9/11 is the critical date in American Muslim history, and it may become increasingly important for Latinos as well. The word "critical" as used here aims to convey a sense of "crisis." Arguably, the highpoint of crisis in modern Muslim history was the assassination of Malcolm X in 1965. This monument, however, hardly compares to the backlash against Muslims that followed 9/11.
With the country in shock and awe, the world watched with bated breath for news of the culprits. When the perpetrators were identified as extremist Muslims, African Americans breathed a sigh of relief. They fell under the assumption that respite was on the horizon after a three-decade-long onslaught by the justice system; for a moment it seemed that law and society were genuinely frightened by a new boogeyman.
Similar sighs of relief came from Latinos, who, like African Americans, sensed that the country had found a different object of wrath. Latinos had felt the harsh lash of the criminal justice system for several decades running, with imprisonment rates of Latinos ballooning. Mass imprisonment has been a major setback for underclass minority communities in states like California, Texas, Florida, and others holding large Latino populations. The bad luck of Muslims was seemingly good for Latinos like their African-American counterparts -- it diverted fear and attention to a new scapegoat.
While they sighed, Muslims gasped, and rightfully so since Muslims would now be subject to policing and criminal justice like never before. Overnight, Muslims were tarred and blackened and were given a glimpse, if a privileged one, of the modern African-American experience. In essence, Muslims have been given a sense of the prejudice and violence that is norm to African Americans.
These perceptions among African Americans and Latinos, however, were short-lived: Latinos became quickly embroiled in border policing politics in Arizona and Texas, facing harsher scrutiny by law enforcement than the rest of the population. In New York, both groups were subject to mass stop and frisk campaigns, and more recently police killings of African-Americans have made it open season on black males, that is, made it business as usual.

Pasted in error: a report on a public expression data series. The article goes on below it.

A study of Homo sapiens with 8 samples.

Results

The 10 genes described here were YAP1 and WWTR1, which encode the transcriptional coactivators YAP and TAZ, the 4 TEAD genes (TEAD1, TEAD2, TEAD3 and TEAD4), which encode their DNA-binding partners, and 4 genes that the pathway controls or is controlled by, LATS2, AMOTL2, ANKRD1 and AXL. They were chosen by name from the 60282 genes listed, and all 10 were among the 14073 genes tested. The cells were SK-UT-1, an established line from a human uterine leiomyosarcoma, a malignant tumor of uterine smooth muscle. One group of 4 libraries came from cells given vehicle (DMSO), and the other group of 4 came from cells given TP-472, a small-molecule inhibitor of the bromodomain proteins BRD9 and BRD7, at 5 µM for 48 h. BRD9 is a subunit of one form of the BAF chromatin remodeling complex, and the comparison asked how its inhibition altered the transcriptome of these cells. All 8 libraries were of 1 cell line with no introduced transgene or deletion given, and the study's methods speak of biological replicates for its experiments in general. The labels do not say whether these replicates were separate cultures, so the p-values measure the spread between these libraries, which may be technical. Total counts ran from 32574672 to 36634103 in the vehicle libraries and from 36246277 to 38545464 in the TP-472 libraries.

For Latinos, the situation may become worse in the midst of claims that ISIS is operating in Mexico and entering the U.S. through the southern border. Although there has been pushback from Mexico and the Department of Homeland Security, the rumors persist. If the American public believes that Mexico is indeed harboring ISIS, it would be a big boost for longstanding agendas of border reform. For proponents of beefed-up borders and stricter immigration policy, it would realize longstanding goals that have used vigilante border-patrols and stepped-up law enforcement to curb illegal immigration. These efforts subject Latinos to heightened scrutiny and law enforcement efforts. The more recent claims about ISIS will serve only to fuel the discrimination and oppression.
More critically, the Department of Justice has recently announced a pilot program to counter violent extremism. The plan has been critiqued, most notably because Muslims will be subject to greater scrutiny than other populations, and in particular, the Christian communities of domestic extremists. The claims that ISIS is in Mexico, then, effectively cast Latinos as potential communities for engagement.
However, there is little evidence or intelligence to support the idea that ISIS is actually operating in Mexico or that loyalists are infiltrating the southern border. More likely, statistically speaking, if ISIS is successful in entering the U.S., it will come through international air travel, not through the U.S.-Mexico border; and let us not forget the vast border to the north that affords a number of entry points.
Ultimately, if the American public buys into these claims, it will only add to the discrimination of Latinos. It will tie the plight of Muslims to Mexicans, and categorically implicate Latinos in the War on Terror; it will also become a license for greater brutality at the border. If the story is bought, regardless of its truth, Latinos will face increasing entanglement in the criminal justice system and increasing status as second-class citizens.